After a career in academia and government, Tim Thomas is Pointe-Claire’s recently elected mayor at a time when the city is at a critical point in its development.
This is the first in a series of profiles of West Island mayors, in which the mayors discuss their backgrounds and what inspired them to seek public office.
“My closing chapter, my end game.” This is how Tim Thomas refers to his current role as Pointe-Claire’s mayor.
If there were an apt metaphor here, it would be that of a poker player ready to stake everything on one final big bet. “I’m 62, so this will be the last job of my career,” he says. “I want to do good and get out. I’m not a career politician, so I’m not afraid of not being reelected.”
Following an unsuccessful bid for the office in 2017, Mr. Thomas won Pointe-Claire’s mayoralty in a close race last November, upsetting the incumbent, John Belvedere, at a time when emotions among residents were (and continue to be) intense about the city’s future.
Mr. Thomas was well acquainted with political parrying, having worked in the Privy Council Office under Prime Minister Jean Chrétien following a longish stint as an academic.
His career has been an unusual combination of seemingly diverse vocations: renovator, university lecturer, tenured professor, civil servant, rock band manager, writer of academic treatises, consultant, antiques dealer. And now, elected official.
“I love cities and the development of cities,” Mr. Thomas says. “They’re beautiful creatures that evolve and take shape. We owe it to this beautiful creature that we call Pointe-Claire to let it evolve in a way that we won’t regret.”
With the intention of preventing future regret, he’s heading up a council that is more divided than any in recent memory. And with battle lines drawn over the question of future development in the municipality, social media channels feature almost daily sniping about how much densification Pointe-Claire can and should shoulder. For the moment, a temporary moratorium on development is allowing all parties a time-out, albeit a short one.
Tim Thomas is well acquainted with politics. A native of Notre Dame de Grace, he did a bachelor of arts in history at Queen’s University, followed by a masters degree in public policy and public administration at Concordia University (“to make myself marketable”), and a PhD in public administration and political science at Carleton University. “All throughout my education, I ran my own construction company with my best friend during the summers,” he said. “We built decks and awnings.”
Throughout the school year, while he was studying toward his master’s degree, Mr. Thomas worked as a sessional lecturer at Concordia and McGill. He continued to teach while doing his PhD at Carleton, dividing his time between Ottawa and Montreal.
After finishing his PhD in 1994, he landed a position teaching political science at Royal Military College in Kingston in 1995. “I was teaching in French and it was one of the biggest challenges of my life,” he said. “I had a Québecoise girlfriend, who translated my lectures and that helped. But to the merriment of my students, I would confuse such words as crevette (shrimp) and cravate (necktie).”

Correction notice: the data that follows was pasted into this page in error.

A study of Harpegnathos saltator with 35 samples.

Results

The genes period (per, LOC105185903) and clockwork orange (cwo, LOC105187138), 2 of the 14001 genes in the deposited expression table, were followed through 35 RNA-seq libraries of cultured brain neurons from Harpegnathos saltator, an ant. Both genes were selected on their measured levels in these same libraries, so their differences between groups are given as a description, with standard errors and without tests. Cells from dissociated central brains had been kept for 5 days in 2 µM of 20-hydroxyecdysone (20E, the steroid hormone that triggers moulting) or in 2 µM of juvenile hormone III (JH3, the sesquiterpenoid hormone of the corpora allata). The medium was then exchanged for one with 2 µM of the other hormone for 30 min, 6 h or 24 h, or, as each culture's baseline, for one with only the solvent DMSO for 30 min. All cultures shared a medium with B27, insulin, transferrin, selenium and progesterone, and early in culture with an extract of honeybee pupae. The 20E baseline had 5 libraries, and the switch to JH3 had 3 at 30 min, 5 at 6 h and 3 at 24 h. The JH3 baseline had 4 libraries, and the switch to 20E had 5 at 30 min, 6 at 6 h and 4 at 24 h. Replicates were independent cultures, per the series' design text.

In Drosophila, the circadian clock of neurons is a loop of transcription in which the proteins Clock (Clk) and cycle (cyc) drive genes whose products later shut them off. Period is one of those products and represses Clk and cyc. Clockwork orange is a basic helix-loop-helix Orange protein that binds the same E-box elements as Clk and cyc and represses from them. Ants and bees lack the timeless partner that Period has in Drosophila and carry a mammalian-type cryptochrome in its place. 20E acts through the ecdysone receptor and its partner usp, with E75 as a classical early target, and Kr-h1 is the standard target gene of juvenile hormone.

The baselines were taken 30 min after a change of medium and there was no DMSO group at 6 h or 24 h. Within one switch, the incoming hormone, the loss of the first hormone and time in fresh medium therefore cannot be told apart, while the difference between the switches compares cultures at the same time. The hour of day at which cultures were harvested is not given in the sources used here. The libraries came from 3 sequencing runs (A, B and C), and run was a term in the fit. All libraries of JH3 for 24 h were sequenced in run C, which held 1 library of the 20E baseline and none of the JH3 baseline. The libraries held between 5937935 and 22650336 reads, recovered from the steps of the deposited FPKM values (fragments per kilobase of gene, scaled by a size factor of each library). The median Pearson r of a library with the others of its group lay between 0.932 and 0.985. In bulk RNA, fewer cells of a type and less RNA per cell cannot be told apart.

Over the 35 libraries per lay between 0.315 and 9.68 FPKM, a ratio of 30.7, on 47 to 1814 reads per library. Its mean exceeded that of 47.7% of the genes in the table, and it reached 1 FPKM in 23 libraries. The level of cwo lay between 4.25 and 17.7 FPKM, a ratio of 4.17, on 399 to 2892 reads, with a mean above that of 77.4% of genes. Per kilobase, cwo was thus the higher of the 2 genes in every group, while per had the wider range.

Concurrent to all this career activity, he managed a Montreal rock band called the Stone Doctors, published articles in academic journals, and wrote and published a couple of books. He’d received offers of academic posts, one at Johns Hopkins University, the other at Saint Mary’s. But by the late 1990s, he was working as an analyst in the Privy Council Office, writing policy briefs on post-referendum policy for Quebec. It was a 24/7 kind of job that didn’t combine well with his new status as a married man with a child. “My boss and my wife were pulling me in different directions,” he said. “I wasn’t going to survive the job and be married.”
So in 1999, after doing some consulting work, Mr. Thomas and his wife bought property in Pointe-Claire Village where she opened a spa and he opened an antiques store: Antiquités du Village. “A lot of people thought I was nuts going from the Privy Council Office to an antiques business but I loved Pointe-Claire Village and it was a perfect location for it,” he said. “I always kept an eye on Pointe-Claire politics. I moved here because I thought the city was very well run.”
But a few years ago, he became concerned about changes in the neighbourhood: a redevelopment of Cartier Avenue that left fewer parking spaces for clients of local businesses. A bike path on St. Louis Avenue that he viewed as dangerous. The demolition of the historic Pioneer bar and restaurant. “The council wasn’t listening,” he said. “The Pioneer was being sold as a moribund, derelict building. It wasn’t perfect, but it could have been saved. I was seeing why I wanted to become mayor.”
However, the issue that finally ignited that desire was the development of Hymus Boulevard, west of St. Jean, and the resulting densification. “There are food deserts and a lack of green space for that development,” he said. “I didn’t like what was happening in our beautiful city. It was being developed haphazardly without coordination. It’s what not to do in urban planning.”
What Mr. Thomas may not have foreseen was how polarized the debate over development had become.
Tensions run high on the municipal council, where six of the eight councillors from the previous council were reelected in November. The mayor and two new councillors are the recent arrivals. “I could not have foreseen how little power mayors actually have in relation to council,” he said. “I was hoping to get more people on council who support me.”
Mayor Thomas believes that the majority of Pointe-Claire residents do not want accelerated densification in their city and he hopes that the issues can be resolved in a civil manner. “I owe it to Pointe-Claire and the people who supported me to see this through,” he said. “It’s my last job.”